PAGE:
CLEARFIELD – The status of the work release program was discussed during Thursday’s Clearfield County Prison Board meeting.
At a previous meeting, Controller Tom Adamson questioned why so few prisoners qualified for the work release program and asked if the rules regarding drug testing were a hindrance.
Warden Gregory Collins had replied that there were multiple reasons why inmates didn’t qualify, including not having jobs to begin with, as well as testing “hot” for drugs.
The personnel committee then agreed to review the matter and see if some of the guidelines could be relaxed.
At Thursday’s meeting, the warden presented a report on the work release program from 2015 through 2018, noting the number of those approved for the program each year and also the number denied and the reasons.
In 2015, 22 were approved and 20 denied. In 2016, 35 were approved and 20 denied. In 2017, 22 were approved and 24 denied. And in 2018, 17 were approved and 20 denied.
When an inmate qualifies for work release, a portion of their pay goes toward their incarceration costs.
President Judge Fredric Ammerman has said he remembers times when there were more than 10 inmates on the program any given month, but now the program rarely has more than three or four participants per month and most recently only one or two.
Only a small number of those denied in the past four years were denied due to testing positive for drugs—12 total. The other reasons included: early release, lack of employment, misconduct or at the warden’s discretion.
Only those who have been sentenced are eligible for work release. When asked, Collins couldn’t give an exact percentage of those currently in the jail who are pre-trial detainees, but it could be 50 percent or higher. He said it varies and he could have that information at the next meeting.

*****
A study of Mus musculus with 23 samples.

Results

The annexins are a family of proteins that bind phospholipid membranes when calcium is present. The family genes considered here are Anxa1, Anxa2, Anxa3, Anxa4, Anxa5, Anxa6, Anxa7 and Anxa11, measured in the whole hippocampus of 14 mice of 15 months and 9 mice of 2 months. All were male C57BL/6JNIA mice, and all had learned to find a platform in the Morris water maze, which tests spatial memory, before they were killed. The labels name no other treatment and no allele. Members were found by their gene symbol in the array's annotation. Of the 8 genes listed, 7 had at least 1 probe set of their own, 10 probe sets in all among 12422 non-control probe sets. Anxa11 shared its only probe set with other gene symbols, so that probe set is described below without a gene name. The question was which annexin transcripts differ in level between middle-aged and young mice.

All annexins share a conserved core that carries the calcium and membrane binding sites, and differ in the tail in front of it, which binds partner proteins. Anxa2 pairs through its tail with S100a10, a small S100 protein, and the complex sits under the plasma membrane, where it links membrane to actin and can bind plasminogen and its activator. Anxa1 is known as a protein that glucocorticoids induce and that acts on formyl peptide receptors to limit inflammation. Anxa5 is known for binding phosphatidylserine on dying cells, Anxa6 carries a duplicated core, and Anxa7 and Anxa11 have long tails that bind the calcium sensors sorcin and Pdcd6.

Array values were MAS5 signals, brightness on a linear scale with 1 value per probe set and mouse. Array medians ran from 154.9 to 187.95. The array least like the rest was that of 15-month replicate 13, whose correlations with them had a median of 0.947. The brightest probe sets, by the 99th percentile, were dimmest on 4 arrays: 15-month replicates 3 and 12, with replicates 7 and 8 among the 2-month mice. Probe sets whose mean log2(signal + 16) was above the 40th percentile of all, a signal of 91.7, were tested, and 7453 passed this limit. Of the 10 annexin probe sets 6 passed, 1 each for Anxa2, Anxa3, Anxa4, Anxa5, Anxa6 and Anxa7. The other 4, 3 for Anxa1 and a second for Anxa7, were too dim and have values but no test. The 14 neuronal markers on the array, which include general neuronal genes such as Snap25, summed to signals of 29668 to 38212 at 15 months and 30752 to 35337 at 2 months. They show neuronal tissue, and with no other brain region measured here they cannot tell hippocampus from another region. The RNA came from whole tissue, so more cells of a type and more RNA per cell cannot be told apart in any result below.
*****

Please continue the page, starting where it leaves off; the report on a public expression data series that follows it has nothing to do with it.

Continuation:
When asked how many he could send to work immediately if there was an employer asking for workers, he said only about five would qualify.
The warden and assistant warden also reported that other county jails are facing similar problems. Jefferson County, however, regularly has 16-18.
When asked why Jefferson is able to have more, the response was that while they have the same guidelines as Clearfield, they also have several employers willing to take inmates and the workplaces are close to the jail.
Collins added that some local companies have stopped accepting inmates for various reasons, including the employees not coming to work once they’re released from jail. One began hiring Amish due to their high work ethic, which Ammerman agreed is a quality lacking in many inmates.
Ultimately, it is something the board will continue to look at.
Under the warden’s report, December began with 158 inmates with 135 committed and 135 released. The month ended with 162 and currently there are 175 inmates.
The board also reorganized and retained the same slate of officers: Ammerman remains as chairman, John Sobel as vice chairman and Adamson as secretary.
Meeting times were changed to the third Tuesday of each month at 12 p.m.